This is the second installment in our series highlighting the different areas to investigate in an effort to strengthen your company’s IP research strategy. In part one, we discussed the importance of having a pulse on emerging technologies. In this post, we will dive deeper into how analyzing the IP behind transacted technologies will give you insight into possible threats and opportunities.
Taking a Look at Packaging
Amcor is a world-leading packaging company, headquartered in Zürich, Switzerland, that develops, manufactures, and sells various packaging products for food and beverage, medical, along with a number of other consumer goods. Amcor produces two types of packaging – flexible and rigid. Liners, pouches, and bags made from film, plastic, paper, or foil would fall under the flexible umbrella, whereas tin cans, cardboard, or plastic/glass containers would fall under rigid packaging.
Bemis, on the other hand, is a global manufacturer of flexible packaging products, headquartered in Neenah, Wisconsin. Bemis manufactures cook-in-bag packaging, shelf-stable packaging, vacuum packaging, and sterile medical packaging, among others.
Amcor is an established leader in flexible packaging and rigid plastics, so why would Amcor invest nearly 7 billion dollars with Bemis? Let’s take a look at the IP portfolios of each company for more insight.
Filing and Grant Trends
By analyzing the patent application filing trends, we can see that Amcor has two to three times more assets than Bemis in any given year. It is certainly possible that Amcor has more filings due to it being a much larger company – 48,000 employees, compared to Bemis’ 16,000. From purely a numbers perspective, it doesn’t appear that Amcor gains strategically from the acquisition, so what was the motivation?
Geographically speaking, Bemis has a global IP footprint, focusing its efforts mainly in the United States and Canada, with some emphasis in Australia and China. Similarly, Amcor emphasizes filing activity in North America, but, comparatively speaking, their filings are a bit less concentrated in this area than for Bemis. Upon careful inspection, you may observe that Amcor might be interested in Bemis’ filings in Argentina and Ireland (where Amcor has limited exposure). One could also argue that Amcor is seeking more strength in the North American market, but are these arguments strong enough to justify a $7 billion dollar investment?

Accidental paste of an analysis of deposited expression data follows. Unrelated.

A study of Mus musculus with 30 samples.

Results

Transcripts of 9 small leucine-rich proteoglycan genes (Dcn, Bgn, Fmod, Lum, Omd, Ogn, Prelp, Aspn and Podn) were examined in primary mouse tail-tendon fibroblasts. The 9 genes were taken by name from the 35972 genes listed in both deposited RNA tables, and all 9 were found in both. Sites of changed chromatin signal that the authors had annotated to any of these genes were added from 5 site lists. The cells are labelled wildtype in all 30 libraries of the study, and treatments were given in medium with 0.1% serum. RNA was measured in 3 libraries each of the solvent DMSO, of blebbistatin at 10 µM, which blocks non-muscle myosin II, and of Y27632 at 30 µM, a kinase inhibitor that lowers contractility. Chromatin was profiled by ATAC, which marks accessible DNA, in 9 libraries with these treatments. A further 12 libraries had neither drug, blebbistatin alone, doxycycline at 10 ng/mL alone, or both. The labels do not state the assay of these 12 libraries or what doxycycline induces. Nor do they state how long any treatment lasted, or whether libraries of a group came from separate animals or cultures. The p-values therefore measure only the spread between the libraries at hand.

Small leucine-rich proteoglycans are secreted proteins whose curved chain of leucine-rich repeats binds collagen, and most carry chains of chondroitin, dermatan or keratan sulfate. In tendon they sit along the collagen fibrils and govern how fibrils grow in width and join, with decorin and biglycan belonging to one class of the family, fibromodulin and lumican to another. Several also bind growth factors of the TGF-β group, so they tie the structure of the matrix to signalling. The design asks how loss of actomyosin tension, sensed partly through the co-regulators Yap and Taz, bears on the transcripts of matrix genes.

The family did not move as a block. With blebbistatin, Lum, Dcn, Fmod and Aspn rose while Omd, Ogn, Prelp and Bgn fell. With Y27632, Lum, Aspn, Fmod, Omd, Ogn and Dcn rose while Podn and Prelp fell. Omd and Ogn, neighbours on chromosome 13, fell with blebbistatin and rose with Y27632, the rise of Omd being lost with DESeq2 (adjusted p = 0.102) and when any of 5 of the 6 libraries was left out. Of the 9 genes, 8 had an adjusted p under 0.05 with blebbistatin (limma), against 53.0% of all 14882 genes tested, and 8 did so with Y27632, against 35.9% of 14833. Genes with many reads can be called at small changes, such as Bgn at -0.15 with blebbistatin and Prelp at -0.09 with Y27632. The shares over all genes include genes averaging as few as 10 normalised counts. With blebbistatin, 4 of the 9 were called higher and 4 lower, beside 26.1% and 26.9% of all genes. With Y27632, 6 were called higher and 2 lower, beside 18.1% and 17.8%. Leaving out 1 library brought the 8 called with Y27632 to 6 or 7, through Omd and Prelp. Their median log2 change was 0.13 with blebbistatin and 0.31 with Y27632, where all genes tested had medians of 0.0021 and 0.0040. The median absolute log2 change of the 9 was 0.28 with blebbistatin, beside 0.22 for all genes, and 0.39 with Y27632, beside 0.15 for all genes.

Technology Areas – Grants
Taking a look at the top ten technology areas of the two companies, we see that Amcor (~43%) and Bemis (~58%) share the same top three innovation areas, which makes the acquisition seem like a natural fit. As an aside, judging by the “Other” bucket which is close to 34%, we note that Amcor is more diverse technologically.
However, when we take a look at the areas that differ, there may be some clues as to the motivation of Amcor acquiring Bemis. The innovation areas (seen above) of particular interest include C08L, B31B, A23L. These are the areas that show up in the top ten for Bemis but are not found in Amcor’s top ten innovation areas.
Quick Look at Y10T for Bemis
By taking a look at Bemis’ recent grants, we can harvest keywords like “Metallized”, “Pharmaceutical”, “Resealable”, and “Reclosable”. Taking it a step further and digging into “Metallized”, we find evidence that the term is related to sustainability which is currently a hot topic globally for two reasons: recycling efforts and cost. It is extremely attractive to the consumer to sell a product that is environmentally sustainable.
Amcor highlights its products on a “Sustainable Packaging” page, all of which are former Bemis brands, with “BMET Metallized” garnering specific attention. More is going on than just acquiring market share, geographic position in Argentina and Ireland, or shoring up North America, although, these are still added bonuses. We can now see that the transaction was related to the technology, which enables Amcor to exploit an advantageous position, and, as sustainable themes are becoming extremely relevant, at a good time. The bottom line is Amcor might not have had the time to develop the technology organically – leveraging timeshifting and taking advantage of Bemis and their sustainable products.